By Michelle King

Amazon (via Flickr)

A good friend of mine has a saying that has become something of a motto in our relationship: "Being a good person is hard." We say it with mock frustration to hide our genuine shame, often stomping our feet and slamming a fist down on whichever wall or table is closest. We say it when discussing a text to an ex who treated us poorly, or to justify screening a call from our parents, or when we were thinking about sending a thoughtful email to an aunt — but then, you know, season two of Orange is the New Black came out.

More recently, we say it when we make a purchase from Amazon. In fact, the most recent time I can remember the catchphrase coming up is upon seeing an Amazon Prime package at my friend’s apartment. "But we said we weren't going to shop at Amazon anymore," I said. He raised his hands in the way children do when they're caught with a cookie before dinner. "I needed a book for school, and the Strand said it would take five to seven business days, and I needed it in one,” he said. "Being a good person is hard."

Two days later, I went to my friend's apartment, where we watched Life Itself, the Roger Ebert documentary, on Amazon Instant Video. It cost us $6.99 — the same price that Apple is selling it for, but we didn't have Apple TV, and yeah, sure, we could have crowded around a laptop, but who really wants to do that?

Being a good person is, indeed, hard.

If you're wondering what the tie between ethics and Amazon is, it's possible that you are living on another planet (though I wouldn't be surprised if Amazon Moon becomes the company's latest venture). George Packer asked the question "Is Amazon good for books?" in an in-depth New Yorker article earlier this year, just a few months before Hachette Book Group, one of the largest publishers in the world, entered a standoff with Amazon. Due to confidentiality agreements signed by both Hachette and Amazon, the details of the fight remain murky, but the general consensus is that Amazon sought concessions on ebook sales which Hachette was unwilling to concede. In an effort to change the publisher’s mind, Amazon delayed deliveries and prevented pre-orders on certain Hachette books, upsetting book buyers, Hachette authors and, in a wave that rippled through the publishing community, literati at large.

Hachette vs. Amazon was just the beginning of a cloud of controversy that has formed over the online retailer. Nowadays, it seems like you can't swing a drone without crashing into an Amazon lawsuit. On June 10, the Federal Trade Commission filed a suit against the company, claiming that Amazon had improperly billed customers for "many millions of dollars" of charges that children had made without the consent of their parents.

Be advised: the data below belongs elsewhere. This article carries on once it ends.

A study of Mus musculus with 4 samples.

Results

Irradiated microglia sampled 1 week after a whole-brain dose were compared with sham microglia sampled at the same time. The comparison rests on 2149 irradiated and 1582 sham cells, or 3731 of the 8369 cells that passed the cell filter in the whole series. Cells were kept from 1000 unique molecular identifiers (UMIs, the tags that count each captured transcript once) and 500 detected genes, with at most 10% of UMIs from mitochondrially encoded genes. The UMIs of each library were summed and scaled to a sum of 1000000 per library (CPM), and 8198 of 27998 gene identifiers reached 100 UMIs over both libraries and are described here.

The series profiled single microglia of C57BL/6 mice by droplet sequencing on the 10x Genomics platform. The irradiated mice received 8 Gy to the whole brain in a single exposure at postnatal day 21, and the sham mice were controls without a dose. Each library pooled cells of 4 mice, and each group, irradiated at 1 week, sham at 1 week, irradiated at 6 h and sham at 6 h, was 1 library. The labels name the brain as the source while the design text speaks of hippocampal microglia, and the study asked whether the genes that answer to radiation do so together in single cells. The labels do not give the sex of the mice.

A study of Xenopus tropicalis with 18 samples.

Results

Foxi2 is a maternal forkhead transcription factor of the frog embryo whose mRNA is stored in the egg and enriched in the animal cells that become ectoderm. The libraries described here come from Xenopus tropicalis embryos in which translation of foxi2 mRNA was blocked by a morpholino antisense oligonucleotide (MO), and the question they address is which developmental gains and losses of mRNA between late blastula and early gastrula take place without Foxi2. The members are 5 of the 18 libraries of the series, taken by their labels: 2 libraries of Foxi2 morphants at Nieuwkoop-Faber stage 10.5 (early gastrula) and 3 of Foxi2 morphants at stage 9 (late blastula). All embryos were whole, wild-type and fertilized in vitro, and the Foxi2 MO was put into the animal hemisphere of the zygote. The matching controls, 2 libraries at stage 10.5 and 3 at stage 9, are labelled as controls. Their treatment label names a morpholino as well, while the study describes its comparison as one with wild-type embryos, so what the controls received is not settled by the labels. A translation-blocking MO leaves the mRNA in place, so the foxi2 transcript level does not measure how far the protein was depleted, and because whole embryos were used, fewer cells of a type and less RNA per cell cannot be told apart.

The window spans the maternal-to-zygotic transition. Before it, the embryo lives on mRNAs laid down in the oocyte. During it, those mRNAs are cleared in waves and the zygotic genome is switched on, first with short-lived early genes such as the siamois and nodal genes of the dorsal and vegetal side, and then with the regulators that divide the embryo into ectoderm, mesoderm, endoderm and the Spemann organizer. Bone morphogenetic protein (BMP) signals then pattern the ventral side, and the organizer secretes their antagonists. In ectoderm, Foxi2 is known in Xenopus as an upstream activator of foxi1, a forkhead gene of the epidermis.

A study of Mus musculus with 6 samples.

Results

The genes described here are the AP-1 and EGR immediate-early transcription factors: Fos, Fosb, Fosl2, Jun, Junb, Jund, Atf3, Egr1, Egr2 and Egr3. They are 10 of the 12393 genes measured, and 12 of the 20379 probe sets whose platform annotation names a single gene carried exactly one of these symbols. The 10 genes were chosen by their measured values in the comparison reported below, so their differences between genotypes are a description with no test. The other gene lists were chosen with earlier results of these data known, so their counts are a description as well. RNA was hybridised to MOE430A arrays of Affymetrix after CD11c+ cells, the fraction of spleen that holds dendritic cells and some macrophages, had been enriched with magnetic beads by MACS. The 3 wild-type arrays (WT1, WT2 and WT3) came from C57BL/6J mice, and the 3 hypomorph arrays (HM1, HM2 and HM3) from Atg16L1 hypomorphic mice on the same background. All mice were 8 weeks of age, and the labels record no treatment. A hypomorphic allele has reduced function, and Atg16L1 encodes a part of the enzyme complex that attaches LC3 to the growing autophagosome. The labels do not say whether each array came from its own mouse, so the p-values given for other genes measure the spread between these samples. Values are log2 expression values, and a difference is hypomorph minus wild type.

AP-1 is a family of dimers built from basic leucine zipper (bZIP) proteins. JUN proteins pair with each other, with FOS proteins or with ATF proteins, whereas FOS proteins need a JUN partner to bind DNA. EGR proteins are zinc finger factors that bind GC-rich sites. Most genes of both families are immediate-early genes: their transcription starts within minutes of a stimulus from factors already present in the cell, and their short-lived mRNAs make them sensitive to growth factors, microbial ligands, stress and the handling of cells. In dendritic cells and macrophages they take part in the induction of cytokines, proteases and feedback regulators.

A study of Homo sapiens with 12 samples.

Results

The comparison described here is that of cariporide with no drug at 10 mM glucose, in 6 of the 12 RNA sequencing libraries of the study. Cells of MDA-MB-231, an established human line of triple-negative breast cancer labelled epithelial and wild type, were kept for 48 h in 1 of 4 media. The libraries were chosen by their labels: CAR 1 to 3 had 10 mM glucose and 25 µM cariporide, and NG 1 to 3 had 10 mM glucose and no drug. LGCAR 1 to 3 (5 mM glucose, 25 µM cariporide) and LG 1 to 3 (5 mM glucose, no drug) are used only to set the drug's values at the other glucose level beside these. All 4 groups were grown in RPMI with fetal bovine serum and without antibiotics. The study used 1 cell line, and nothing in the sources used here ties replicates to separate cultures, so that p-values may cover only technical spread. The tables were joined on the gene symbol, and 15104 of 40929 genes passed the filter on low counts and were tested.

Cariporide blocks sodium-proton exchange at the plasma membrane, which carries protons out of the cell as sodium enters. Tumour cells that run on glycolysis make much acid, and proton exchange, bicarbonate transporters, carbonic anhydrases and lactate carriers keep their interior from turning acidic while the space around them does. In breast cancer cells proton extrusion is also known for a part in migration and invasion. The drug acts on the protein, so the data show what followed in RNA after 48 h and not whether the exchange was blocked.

Even more recently, the French Parliament passed legislation that, though not officially aimed at Amazon, has been dubbed the “Anti-Amazon” Law by some. (Whether Lagardere, a French media company and parent of Hachette Book Group, had any hand in the passage of the legislation remains conjecture.) The new law bans free shipping on books sold at 5 percent below retail rates, creating a hurdle for much of Amazon’s business. It was a move that showed France’s commitment to protecting brick-and-mortar bookstores, but the online retailer isn't going down without a fight: Amazon announced via its French website that it will be charging only .01 Euro for shipping on all orders containing books.

What's most notable about France’s law isn't its effectiveness (or lack thereof), but the French government’s position against Amazon. After all, if anyone or anything is actually going to break — or even just loosen — the online retailer's steel grip on the publishing industry, it's likely going to be legislation that erodes its unique, Internet-age monopoly.

All of this debate comes on the heels of Amazon's 19th anniversary. Though the company was founded in 1994, it didn't publicly come online until July 16, 1995. Back then it was just a few people packing up boxes of books from a two-car garage in Bellevue, Washington; Amazon is a far cry from there now. The company ended 2013 with  $74.5 billion in revenue, a 22 percent increase from 2012. It also recently announced that Babak Parviz, one of the leaders behind the Google X and Google Glass, will be joining Amazon. Additionally, the company is currently in the process of asking the Federal Aviation Administration permission to use drones as part of its plan to deliver packages in 30 minutes or less.  

It's systems like the drones that make being a "good person" (a vague phrase that means everything and nothing, but for me means, amongst other things, supporting small and local businesses) such a difficult feat. Being morally malformed can seem like a small price to pay when you're busy and broke and Amazon is promising fast and cheap delivery. Although I wish I could spurn Amazon, I can, at best, say that I will only use it when I truly do need a book as soon as possible and all the bookstores nearby are not selling it. I will promise that I won’t ever use Amazon to purchase toilet paper (an infuriating habit that a former roommate of mine got into because it’s “just so easy”), but I do admit that sounds like a vegetarian promising not to eat only when the line at Shake Shack is too long.

Anniversaries are typically a cause for celebration, and at least inside Amazon's headquarters in Seattle, there is a lot to celebrate. But for the rest of us, it might be good to carve out some time today not to celebrate, but to reflect on how Amazon has changed both publishing and the world in the past 19 years, for better and for worse.

Michelle King grew up in South Florida and now lives in Brooklyn. Her contributions have appeared on BULLETT, Refinery29 and The Topaz Review. Harriet M. Welsch is still her role model and probably always will be.